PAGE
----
By Fr. George Welzbacher
December 6, 2009
Three weeks ago the Bishop of Providence, Rhode Island, the Most Reverend Thomas J. Tobin, offered a public response to the public insult that he and the whole American episcopate had received from Patrick Kennedy, Congressman from Rhode Island and son of the late Senator from Massachusetts, Edward (Ted) Kennedy. Two years ago in a private letter to Congressman Kennedy Bishop Tobin had admonished him not to present himself for Holy Communion as long as he chose to abuse the power of his office and the prestige of the Kennedy name in order to promote the systematic killing of unborn children. Scripture, after all, states very clearly that "No murderer has eternal life abiding in him" (I John 3:15) and that "He who destroys the temple of God, him will God destroy. For God's temple is holy, and that temple you are" (I Corinthians 3:17). Scripture also condemns the reception of Christ's Body and Blood in the state of mortal sin: "Whoever eats of the bread or drinks of the cup of the Lord unworthily will be guilty of profaning the body and blood of the Lord. Let a man examine himself [that is to say, let him take such steps as are proper to make sure that he is worthy, e.g. through a contrite reception of the Sacrament of Penance] and so let him eat of the bread and drink of the cup. For he who eats and drinks without discerning the body eats and drinks judgment upon himself" (I Corinthians 11: 27-29). (Cf. also the Catechism of the Catholic Church, Section 1457, on the NECESSITY of sacramental confession and absolution for anyone who, having committed a mortal sin, wishes to receive the Eucharist). Bishop Tobin would have been guilty of dereliction of duty had he not instructed the Congressman to abstain from Communion. (One can only wonder whether Boston's Archbishop, Sean Cardinal O'Malley, had similarly instructed Senator Kennedy, the Congressman's father, in a private letter or interview. If so he had, the Senator evidently paid little heed ).
Bishop Tobin's admonition would have remained a private admonition, unknown to the public, had it not been for a statement to the press made by Congressman Kennedy as the House of Representatives was about to take up Democrat Bart Stupak's proposed amendment to the Health Care Reform bill, an amendment prohibiting the use of federal tax dollars for the murder of the unborn child. The amendment passed, thanks to the votes of 64 Democrats and the solid support of House Republicans. Indignant at the intervention of America's Catholic bishops with members of the House in support of the Stupak proposal, Mr. Kennedy, with a logic that is a little difficult to follow, charged the bishops with DENYING life-saving healthcare to MANY because of their OBSESSION with abortion: 'You mean to tell me the Catholic Church is going to be denying those people life-saving health care? I thought they were Pro-life....If the church is pro-life, then they ought to be for health-care reform....So this [the bishops' intervention] is an absolute red herring, and I don't think it does anything but to fan the flames of dissent and discord, and I don't think it's productive at all."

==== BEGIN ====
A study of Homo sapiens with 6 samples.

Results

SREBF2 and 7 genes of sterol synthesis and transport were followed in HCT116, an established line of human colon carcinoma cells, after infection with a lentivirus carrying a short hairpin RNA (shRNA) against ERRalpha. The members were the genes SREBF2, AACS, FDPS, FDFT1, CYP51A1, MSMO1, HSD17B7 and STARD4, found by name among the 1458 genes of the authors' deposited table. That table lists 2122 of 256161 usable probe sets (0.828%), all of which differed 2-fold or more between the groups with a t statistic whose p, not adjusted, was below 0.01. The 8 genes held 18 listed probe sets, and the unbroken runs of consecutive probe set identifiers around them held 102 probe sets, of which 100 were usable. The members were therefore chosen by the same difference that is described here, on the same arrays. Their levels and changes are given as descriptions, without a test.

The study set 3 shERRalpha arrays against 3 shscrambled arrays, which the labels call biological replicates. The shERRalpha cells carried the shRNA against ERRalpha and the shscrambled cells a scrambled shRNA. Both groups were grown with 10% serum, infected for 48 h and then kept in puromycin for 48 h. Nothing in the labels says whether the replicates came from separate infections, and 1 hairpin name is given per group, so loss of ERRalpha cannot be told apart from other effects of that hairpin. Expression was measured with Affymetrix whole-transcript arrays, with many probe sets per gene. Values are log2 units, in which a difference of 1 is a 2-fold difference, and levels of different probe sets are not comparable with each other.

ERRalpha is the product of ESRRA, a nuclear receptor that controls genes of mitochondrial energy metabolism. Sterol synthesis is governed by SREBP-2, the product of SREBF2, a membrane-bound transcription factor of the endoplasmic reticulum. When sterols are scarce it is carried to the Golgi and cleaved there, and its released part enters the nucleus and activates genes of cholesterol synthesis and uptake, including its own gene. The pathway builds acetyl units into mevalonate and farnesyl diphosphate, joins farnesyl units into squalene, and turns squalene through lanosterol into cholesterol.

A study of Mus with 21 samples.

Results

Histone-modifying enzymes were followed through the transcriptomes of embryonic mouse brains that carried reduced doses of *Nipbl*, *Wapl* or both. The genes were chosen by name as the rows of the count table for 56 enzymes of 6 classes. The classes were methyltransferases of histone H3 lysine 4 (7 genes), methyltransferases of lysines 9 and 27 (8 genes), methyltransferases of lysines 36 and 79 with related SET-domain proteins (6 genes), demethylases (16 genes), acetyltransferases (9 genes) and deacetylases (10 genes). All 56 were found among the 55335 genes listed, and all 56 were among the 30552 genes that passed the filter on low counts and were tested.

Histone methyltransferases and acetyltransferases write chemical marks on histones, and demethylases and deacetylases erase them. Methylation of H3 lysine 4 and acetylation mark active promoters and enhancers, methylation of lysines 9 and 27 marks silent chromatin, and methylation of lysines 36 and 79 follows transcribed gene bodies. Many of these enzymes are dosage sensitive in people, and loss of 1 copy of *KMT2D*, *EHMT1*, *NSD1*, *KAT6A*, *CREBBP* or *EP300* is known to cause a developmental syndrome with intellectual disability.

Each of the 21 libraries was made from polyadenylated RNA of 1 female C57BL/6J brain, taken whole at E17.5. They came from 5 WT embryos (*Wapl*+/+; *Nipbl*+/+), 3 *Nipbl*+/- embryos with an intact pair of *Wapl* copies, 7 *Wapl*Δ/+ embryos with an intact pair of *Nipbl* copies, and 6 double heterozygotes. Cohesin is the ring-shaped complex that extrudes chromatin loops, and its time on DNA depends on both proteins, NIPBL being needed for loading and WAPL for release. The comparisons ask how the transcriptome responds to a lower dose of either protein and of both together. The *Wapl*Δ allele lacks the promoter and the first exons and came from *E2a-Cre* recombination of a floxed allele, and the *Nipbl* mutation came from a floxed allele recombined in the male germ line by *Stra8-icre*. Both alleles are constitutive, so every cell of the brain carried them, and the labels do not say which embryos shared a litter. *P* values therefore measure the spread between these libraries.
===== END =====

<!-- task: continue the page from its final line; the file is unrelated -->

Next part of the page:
So incendiary a public statement could scarcely go unanswered. Describing the Congressman's remarks as "irresponsible and ignorant of the facts", Bishop Tobin told the media: "I believe the Congressman owes us an apology for his irresponsible comments. It is my fervent hope and prayer that he will find a way to provide more effective and morally responsible leadership for our state." A scheduled meeting between the Congressman and the Bishop was subsequently called off by Mr. Kennedy, who then told the press: "The fact that I disagree with the hierarchy on SOME issues does not make me any less of a Catholic." [Emphasis added]. The stage was thus set for a show-down on a matter of fundamental importance: just how far can a self-declared Catholic go in his suppor tfor a course of action that is in flagrant contradiction with the teaching of the Church before said Catholic ceases to have a valid claim upon the name. Indeed, the issue is one that engages all of the other nominally Catholic politicians who, like Patrick Kennedy, continue to support the murder of the unborn.
Bishop Tobin proved himself equal to the challenge. Since the Congressman had made the matter public, Bishop Tobin responded with an open letter. For those of you who would like to read Bishop Tobin's letter (published on November 12th) I am enclosing a copy of the text as an insert in our parish bulletin today. Courteous and good-humored in tone, and lucid in its exposition, it is a masterpiece of persuasive argumentation. And in the context of the emerging battle between Church and State over the issue of abortion, it is a document of historic importance.